I'm going to age myself here, but before consumers had access to homes for sale online, we used a thick book with tiny black and white photos to help people find homes. To make matters worse the pictures were done by a drive-by photographer, there was one photo per house, and the books came out every two weeks. The only way to see new listings before the new MLS book came out was to get in a line for the office computer via a dial-up modem.
Fast forward to the mid-nineties, when a new site called REALTOR.com came out which allowed buyers to search for homes themselves using a desktop computer. By 2000 we rarely used the books, many agents had computers in their office, and a few even had a personal website with homes for sale. Since then we've seen a plethora of sites come online that offer buyers access to homes for sale. But where do they get the data and what makes them different?
How Websites Receive Their Data?
The majority of homes we see for sale in SouthEast Michigan are listed in the local Multiple Listing Service or MLS. These are sellers who have hired a real estate broker to represent them and place their home in the MLS database for ultimate exposure. Depending on the brokerage mosts homes are then sent to hundreds of websites for distribution and syndication. Next are sellers who choose to go it alone and try selling their home For Sale by Owners FSBO, then sites that list pre-foreclosures, bank owned and auctions.
Some websites even list homes that have already sold in hopes of attracting more eyeballs to their website. Other sites offer the "coming soon feature." These homes are not for sale, but this new marketing tactic builds excitement or many times frustration in the consumer looking for a home.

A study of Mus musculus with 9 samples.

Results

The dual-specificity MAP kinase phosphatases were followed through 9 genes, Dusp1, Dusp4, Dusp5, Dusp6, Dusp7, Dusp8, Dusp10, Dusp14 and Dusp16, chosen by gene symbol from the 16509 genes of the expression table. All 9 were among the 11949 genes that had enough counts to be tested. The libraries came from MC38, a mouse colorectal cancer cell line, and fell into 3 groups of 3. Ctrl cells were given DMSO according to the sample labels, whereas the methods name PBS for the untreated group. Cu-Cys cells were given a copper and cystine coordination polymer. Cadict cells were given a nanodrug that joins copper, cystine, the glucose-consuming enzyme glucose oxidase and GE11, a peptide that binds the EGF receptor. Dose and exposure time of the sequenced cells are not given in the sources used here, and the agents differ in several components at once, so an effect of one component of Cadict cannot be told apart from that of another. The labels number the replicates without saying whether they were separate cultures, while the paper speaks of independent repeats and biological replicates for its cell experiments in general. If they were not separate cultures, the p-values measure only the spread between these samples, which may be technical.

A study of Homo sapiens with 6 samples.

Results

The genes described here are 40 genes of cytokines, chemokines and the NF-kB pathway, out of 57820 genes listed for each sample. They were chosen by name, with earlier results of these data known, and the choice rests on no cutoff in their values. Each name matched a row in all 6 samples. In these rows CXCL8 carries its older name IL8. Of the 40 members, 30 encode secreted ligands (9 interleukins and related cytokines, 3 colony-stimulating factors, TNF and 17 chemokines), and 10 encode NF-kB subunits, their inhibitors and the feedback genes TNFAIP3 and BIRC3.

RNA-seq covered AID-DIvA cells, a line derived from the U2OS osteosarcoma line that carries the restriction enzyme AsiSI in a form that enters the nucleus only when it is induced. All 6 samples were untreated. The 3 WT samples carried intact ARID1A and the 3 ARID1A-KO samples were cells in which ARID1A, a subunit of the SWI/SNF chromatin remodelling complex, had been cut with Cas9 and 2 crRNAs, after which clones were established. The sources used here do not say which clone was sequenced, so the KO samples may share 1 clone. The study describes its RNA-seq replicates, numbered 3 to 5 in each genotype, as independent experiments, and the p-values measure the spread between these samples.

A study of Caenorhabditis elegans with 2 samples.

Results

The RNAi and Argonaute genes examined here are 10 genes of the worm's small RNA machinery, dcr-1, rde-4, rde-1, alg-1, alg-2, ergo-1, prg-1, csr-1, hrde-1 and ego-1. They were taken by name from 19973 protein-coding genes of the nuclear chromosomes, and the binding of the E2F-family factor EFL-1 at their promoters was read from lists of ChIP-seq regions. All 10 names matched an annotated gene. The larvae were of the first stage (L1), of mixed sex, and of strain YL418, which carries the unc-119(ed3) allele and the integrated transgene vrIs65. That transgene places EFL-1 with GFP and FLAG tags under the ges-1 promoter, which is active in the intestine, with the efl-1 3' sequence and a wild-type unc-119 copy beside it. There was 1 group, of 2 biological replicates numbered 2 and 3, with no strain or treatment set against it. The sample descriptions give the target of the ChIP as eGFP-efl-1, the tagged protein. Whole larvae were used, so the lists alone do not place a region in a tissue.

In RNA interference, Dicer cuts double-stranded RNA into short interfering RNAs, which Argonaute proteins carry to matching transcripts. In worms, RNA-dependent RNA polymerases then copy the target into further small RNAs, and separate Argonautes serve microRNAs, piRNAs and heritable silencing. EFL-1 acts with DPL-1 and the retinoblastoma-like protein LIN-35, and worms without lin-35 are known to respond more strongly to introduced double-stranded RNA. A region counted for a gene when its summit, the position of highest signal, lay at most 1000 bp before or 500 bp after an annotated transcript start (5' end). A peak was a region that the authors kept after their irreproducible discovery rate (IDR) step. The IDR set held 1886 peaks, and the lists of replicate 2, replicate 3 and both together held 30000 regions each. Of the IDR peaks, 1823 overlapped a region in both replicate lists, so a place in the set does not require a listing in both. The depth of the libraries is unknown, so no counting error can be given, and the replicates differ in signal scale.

Syndication of the MLS Data
As REALTORS® we have direct access to all the homes listed in the MLS database the second they hit the market. Once there most brokers, agents, and real estate franchises receive their data feed within minutes from the MLS database. After a few minutes, REALTOR.com is sent the data via a previous agreement, and next comes the third-party portal websites like Zillow, Homes, Trulia and hundreds of other third-party sites if and only if the broker approves it.
So as you can see not all websites are created equal, but most of the data merely is duplicated or not for sale.
Where Should You Look for Homes?
If you're just curious and not seriously looking than going from site to site is okay to get your feet wet. However, once you're in the interest through commitment stage, it is best to find one agent and stick to their website. Why? Well, we all have the same information, and it makes it easier to have one go-to person instead of several giving you the same information. You may not know this, but third-party portal sites are advertising sites. In other words, they sell ad space, zip codes, cities or space to agents in exchange for your name and number.
Since the RoomsRealty.com website receives a direct feed from the MLS via an IDX feed, there's no reason to go searching from site to site. Unless of course, you already have an agent then we suggest using their website, especially if you've signed a contract with them. Be sure to read about Michigan Agency Disclosure.